The village is situated on an expansive plauteau along with much of Northern Michigan. The Boardman River runs through the village.
Kalkaska is considered to be part of Northern Michigan.
There were 881 households out of which 33.7% had children under the age of 18 living with them, 38.3% were married couples living together, 18.3% had a female householder with no husband present, and 38.6% were non-families. 32.8% of all households were made up of individuals and 14.3% had someone living alone who was 65 years of age or older. The average household size was 2.35 and the average family size was 2.94.
In the village the population was spread out with 26.1% under the age of 18, 10.6% from 18 to 24, 26.7% from 25 to 44, 19.4% from 45 to 64, and 17.2% who were 65 years of age or older. The median age was 35 years. For every 100 females there were 88.3 males. For every 100 females age 18 and over, there were 82.5 males.
The median income for a household in the village was $27,891, and the median income for a family was $33,651. Males had a median income of $26,901 versus $19,333 for females. The per capita income for the village was $13,028. About 15.3% of families and 16.4% of the population were below the poverty line, including 19.7% of those under age 18 and 19.4% of those age 65 or over.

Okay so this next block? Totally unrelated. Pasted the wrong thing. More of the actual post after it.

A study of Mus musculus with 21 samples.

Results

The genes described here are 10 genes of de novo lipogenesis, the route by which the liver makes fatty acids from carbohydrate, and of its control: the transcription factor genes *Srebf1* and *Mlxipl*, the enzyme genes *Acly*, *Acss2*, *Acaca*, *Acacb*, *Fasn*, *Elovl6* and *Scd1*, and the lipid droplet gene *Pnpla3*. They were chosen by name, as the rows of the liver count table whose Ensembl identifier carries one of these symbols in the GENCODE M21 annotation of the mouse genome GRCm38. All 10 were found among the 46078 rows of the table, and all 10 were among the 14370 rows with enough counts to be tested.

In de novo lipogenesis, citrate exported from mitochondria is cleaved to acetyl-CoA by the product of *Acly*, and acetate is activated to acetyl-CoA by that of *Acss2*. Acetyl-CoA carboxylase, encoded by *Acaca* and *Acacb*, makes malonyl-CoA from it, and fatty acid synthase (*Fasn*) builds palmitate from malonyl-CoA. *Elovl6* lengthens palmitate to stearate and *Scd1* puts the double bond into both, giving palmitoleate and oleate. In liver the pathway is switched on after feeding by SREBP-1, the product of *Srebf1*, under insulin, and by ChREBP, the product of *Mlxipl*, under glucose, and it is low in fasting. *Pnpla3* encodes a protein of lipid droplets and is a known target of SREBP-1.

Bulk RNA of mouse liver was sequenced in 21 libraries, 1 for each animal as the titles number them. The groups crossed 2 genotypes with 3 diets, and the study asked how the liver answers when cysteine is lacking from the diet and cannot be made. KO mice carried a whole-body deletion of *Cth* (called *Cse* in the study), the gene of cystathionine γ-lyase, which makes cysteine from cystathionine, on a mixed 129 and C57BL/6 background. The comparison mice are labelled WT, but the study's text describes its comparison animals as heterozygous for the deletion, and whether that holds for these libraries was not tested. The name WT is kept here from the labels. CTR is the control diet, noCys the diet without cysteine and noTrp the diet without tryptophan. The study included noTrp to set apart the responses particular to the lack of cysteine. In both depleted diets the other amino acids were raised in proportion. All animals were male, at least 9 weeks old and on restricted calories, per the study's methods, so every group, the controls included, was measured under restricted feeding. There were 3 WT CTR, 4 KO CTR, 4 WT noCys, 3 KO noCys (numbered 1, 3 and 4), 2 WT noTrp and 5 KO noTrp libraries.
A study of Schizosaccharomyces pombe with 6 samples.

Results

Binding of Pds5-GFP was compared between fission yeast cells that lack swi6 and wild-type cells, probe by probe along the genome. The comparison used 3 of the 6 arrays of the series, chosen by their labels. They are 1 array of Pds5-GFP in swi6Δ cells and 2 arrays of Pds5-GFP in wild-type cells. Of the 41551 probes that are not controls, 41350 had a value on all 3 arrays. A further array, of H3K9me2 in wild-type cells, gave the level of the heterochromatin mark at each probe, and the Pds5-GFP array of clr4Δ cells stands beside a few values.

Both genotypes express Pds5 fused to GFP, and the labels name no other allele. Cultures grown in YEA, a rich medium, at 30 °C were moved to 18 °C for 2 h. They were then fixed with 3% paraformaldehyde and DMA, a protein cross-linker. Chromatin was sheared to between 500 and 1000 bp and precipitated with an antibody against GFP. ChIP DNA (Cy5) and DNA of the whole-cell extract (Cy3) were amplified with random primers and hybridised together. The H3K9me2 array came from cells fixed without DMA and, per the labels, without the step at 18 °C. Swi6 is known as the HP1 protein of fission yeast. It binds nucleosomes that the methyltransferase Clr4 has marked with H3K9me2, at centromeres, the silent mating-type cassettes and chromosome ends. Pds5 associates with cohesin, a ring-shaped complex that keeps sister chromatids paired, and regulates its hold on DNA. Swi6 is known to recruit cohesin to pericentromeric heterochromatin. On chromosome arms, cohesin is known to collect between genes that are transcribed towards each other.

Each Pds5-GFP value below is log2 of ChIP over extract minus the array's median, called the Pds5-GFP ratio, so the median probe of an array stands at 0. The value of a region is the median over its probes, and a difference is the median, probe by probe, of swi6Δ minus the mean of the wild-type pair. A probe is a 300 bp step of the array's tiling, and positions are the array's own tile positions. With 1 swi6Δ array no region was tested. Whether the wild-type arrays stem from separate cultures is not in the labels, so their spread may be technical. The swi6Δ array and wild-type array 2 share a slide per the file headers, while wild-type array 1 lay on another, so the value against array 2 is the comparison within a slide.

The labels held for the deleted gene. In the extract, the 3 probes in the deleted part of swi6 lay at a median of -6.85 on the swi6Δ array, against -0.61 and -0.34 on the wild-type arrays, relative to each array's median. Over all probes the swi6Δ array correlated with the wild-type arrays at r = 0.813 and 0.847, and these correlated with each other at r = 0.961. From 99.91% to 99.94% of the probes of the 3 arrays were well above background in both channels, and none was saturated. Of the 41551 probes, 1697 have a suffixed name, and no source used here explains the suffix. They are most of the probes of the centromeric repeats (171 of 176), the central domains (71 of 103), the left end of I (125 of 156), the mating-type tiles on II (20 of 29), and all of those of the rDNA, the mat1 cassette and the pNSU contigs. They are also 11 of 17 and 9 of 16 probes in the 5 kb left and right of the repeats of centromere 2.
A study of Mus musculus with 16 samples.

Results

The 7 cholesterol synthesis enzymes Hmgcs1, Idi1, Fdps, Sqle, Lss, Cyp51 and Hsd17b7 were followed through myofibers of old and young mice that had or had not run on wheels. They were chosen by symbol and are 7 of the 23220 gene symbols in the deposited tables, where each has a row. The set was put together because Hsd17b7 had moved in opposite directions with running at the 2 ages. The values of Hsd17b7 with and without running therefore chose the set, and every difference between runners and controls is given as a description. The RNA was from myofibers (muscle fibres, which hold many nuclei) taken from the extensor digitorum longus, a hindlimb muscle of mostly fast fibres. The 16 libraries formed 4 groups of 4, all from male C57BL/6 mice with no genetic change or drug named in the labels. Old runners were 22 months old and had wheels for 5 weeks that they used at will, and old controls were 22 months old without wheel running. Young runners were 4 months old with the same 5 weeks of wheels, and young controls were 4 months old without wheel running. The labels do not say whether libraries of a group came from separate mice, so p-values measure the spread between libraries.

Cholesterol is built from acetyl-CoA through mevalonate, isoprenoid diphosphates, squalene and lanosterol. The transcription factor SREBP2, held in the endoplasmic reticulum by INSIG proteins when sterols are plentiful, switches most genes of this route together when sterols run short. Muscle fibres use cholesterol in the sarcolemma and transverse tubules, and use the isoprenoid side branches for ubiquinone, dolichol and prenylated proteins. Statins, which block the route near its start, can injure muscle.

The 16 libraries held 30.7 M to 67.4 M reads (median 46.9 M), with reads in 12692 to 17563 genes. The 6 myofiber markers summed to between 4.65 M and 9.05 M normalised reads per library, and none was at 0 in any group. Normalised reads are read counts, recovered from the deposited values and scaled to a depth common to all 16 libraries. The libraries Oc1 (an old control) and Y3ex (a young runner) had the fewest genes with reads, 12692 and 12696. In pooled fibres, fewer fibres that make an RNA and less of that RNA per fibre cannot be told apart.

On July 5, 1908, a fire began in the middle of the business block and burned most of the stores. Local photographer E. L. Beebe made a number of photographs of the fire, and the resulting postcards were widely sold, and can still be found today. Two years later, in 1910 another fire started in downtown Kalkaska. Again, in 1925 downtown Kalkaska was devastated by the largest fire since the Fire of 1908.
In 1916, the noted author Ernest Hemingway visited and fished in Kalkaska, and later immortalized the town in his story "The Battler". A historical marker has been placed at the Rugg Pond Dam, on the Rapid River, where Hemingway reportedly fished one night from the power house.
On July 10, 1951, the Kalkaska State Bank was robbed by an armed man, who fled and later attempted to escape on foot through a huge swampy area of the nearby National Forest. After three days of what was termed the largest manhunt in Northern Michigan history, involving the FBI and local and state authorities, the gunman was captured south of the town. Named Raymond J. Turcotte, he had a long string of prior convictions, including manslaughter. Turcotte confessed to the bank robbery and served 18 years in the Michigan State Prison at Jackson, Michigan including a term for escape in 1961.
Discovery of natural gas and oil in the around the 1970s lead to significant growth for the village, however the growth has since subsided.
In 1993, the Kalkaska schools made national headlines when a financial crisis resulted in a two month-long closure. Subsequent funding reform improved the outlook for Kalkaska and similar small rural districts in Michigan.
In addition the village has several parks, including the newly expanded KART trail which is planned to be connected with the TART Trail.
Fisherman are attracted to Kalkaska by the many lakes and the Boardman, Rapid, and Manistee Rivers. Kalkaska has held the National Trout Festival in the last week of April each year since 1933. There is a giant statue of a brook trout in the town square. New York Times featured author Jim Harrison wrote about the Trout Festival in his book Just Before Dark: Collected Non-fiction, Clark City Press, 1991, ISBN 0-944439-33-0.